Minority Powerbrokers Q&A: Nossaman's Simon Santiago
Nossaman Partner Simon Santiago was profiled in Law360 as a part of their Minority Powerbrokers Q&A series. Mr. Santiago's full Q&A can be found below.
Q: How did you break the glass ceiling in the legal industry?
A: As an initial matter, I was raised with the attitude that there are no glass ceilings — professional, social or otherwise. My parents brought me, along with my three sisters, to the United States from the Philippines because America offered more opportunities for our family. Both of my parents worked until retirement age, and while they may have experienced discrimination, I don't recall a time when they expressed frustration or giving up on pursuing their goals because of their accent or ethnicity.
As I grew older, I did become sensitive and aware that certain groups and classes of our society face unique barriers to entry into the legal industry. However, I think my early "Pollyanna" view taught me not to be deterred or distracted by any glass ceilings and that talent, intellect and hard work will be rewarded in the end.
Q: What are the challenges of being a lawyer of color at a senior level?
A: Our profession tends to be ultra-competitive (which is not necessarily a bad thing), and with competition there is jealousy. Unfortunately, I think that when a person of color attains a certain level of success in the legal profession, there will be the occasional whisper of doubt as to whether that person truly deserved and earned it. Especially when you are responsible for leading and supervising a group, this skepticism can create unnecessary friction and resistance which may take some time and energy to overcome. If you lead by example and hold yourself to the same or even higher standards than you expect from others, I find that this challenge can be effectively overcome.
Q: Describe a time you encountered discrimination in your career and tell us how you handled it.
A: I would not classify it as discrimination, but I had a "teachable moment" with a client when I was a young associate regarding my race and ethnicity. It was the first time I met the client in person, and he was apparently puzzled by my looks. In a nutshell, he was wondering why I had a Spanish last name, looked Asian and had a tan complexion — although the actual words he used were a bit more blunt and rough around the edges. I've had similar (albeit more innocently worded) inquiries from childhood acquaintances so I was prepared for the discussion. In a matter of fact and dispassionate way, I proceeded to explain to the client my Filipino heritage, including how the Spanish missionaries gave us their religion, last name and good music. From that point on, the client treated me like any other trusted employee of his company.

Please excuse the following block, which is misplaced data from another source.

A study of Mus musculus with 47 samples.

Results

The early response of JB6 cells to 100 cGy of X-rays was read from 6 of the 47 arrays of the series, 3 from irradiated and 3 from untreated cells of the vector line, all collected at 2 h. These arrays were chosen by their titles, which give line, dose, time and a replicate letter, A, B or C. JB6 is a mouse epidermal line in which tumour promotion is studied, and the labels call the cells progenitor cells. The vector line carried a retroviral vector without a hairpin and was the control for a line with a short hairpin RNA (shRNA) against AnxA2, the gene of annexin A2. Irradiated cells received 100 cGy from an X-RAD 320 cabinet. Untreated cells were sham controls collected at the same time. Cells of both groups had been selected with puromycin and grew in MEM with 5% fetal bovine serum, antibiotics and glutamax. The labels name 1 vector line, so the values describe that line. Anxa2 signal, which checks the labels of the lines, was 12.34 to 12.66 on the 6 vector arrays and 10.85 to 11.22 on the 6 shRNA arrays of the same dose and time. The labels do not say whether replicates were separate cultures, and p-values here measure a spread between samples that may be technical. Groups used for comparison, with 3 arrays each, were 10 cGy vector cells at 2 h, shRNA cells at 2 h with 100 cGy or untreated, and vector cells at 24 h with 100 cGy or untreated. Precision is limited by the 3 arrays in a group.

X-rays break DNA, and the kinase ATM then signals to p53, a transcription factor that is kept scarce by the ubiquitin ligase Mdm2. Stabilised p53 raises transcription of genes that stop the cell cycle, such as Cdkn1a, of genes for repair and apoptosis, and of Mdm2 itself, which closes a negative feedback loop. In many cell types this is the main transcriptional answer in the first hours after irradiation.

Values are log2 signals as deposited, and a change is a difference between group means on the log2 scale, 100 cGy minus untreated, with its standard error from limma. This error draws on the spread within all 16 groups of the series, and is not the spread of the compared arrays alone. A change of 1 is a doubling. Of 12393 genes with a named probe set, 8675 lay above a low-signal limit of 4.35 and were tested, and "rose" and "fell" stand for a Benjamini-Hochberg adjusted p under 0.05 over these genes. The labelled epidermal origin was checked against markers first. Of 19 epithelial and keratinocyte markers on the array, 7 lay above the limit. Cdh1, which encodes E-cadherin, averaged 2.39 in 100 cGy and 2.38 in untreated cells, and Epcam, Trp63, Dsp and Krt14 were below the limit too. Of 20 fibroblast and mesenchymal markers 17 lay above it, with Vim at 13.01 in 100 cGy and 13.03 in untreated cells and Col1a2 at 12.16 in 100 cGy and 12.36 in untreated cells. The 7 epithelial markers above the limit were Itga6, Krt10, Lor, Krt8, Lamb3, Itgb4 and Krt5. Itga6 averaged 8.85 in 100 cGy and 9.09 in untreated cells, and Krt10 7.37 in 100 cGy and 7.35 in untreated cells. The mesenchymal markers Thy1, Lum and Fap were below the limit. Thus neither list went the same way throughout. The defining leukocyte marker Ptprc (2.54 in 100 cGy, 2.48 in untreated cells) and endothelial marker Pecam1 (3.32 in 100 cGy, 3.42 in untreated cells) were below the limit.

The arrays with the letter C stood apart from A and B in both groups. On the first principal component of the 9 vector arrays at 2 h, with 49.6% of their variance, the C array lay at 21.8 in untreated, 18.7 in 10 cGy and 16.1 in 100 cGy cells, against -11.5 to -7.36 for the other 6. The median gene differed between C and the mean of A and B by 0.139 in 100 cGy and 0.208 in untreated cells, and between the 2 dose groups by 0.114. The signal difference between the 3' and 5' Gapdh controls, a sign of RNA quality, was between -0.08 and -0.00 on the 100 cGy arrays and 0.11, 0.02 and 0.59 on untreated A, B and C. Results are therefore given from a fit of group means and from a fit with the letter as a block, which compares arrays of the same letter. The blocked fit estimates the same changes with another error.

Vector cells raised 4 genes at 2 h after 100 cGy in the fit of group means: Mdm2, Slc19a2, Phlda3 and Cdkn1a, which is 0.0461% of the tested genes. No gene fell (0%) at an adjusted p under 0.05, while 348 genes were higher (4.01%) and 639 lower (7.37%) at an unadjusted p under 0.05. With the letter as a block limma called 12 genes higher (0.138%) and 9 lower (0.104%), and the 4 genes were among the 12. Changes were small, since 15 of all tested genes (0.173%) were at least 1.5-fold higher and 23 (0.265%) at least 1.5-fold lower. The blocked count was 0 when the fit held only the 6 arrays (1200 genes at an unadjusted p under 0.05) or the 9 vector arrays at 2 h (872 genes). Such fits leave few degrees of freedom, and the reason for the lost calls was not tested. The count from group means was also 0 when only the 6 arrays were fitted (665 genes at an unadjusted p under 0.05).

What this experience confirmed to me is that sometimes the best way to address a racially charged situation is to approach it in a disarming and nonconfrontational way. By doing so, I gained the respect of the client and hope to have taught him a lesson or two about being more sensitive about racial issues. I also appreciated that the partner who was with me at the time thought I handled the situation with class and shared with me that he wouldn't have been so forgiving in his response back to the client.
Q: What advice would you give to a lawyer of color?
A: My advice is "color neutral," but I think it will resonate with lawyers of color in particular. Our profession is primarily a service industry, so building and maintaining relationships is important for being a good lawyer. Sometimes, a person relies on race or ethnicity to find "common ground" with another person. I find this too convenient and actually counterproductive because relying solely on race and ethnicity prevents you from broadening your network and gaining exposure to diverse perspectives. You should find as many ways to connect and relate to a person — whether it is a client or co-worker. It's not as easy or straightforward as it sounds because it requires a lot of personal interaction and genuine interest in getting to know someone. However, I believe this approach will lead to more substantive and stronger professional relationships.
Q: What advice would you give to a law firm looking to increase diversity in its partner ranks?
A: Increasing diversity at the partnership level starts at encouraging and fostering diversity firmwide and at all levels. Having a diverse workforce, however, should not be the end objective. I recently attended a talk hosted by my law firm in which the speaker emphasized that diversity should not be viewed merely as the "right thing" to do from a social mores standpoint. Rather, diversity makes good business sense because there is evidence that a diverse group can improve client service. To achieve this outcome, the diversity of the group must be "heard" and not merely "seen." Therefore, it is incumbent on law firms to create an atmosphere that welcomes and rewards varying viewpoints and perspectives.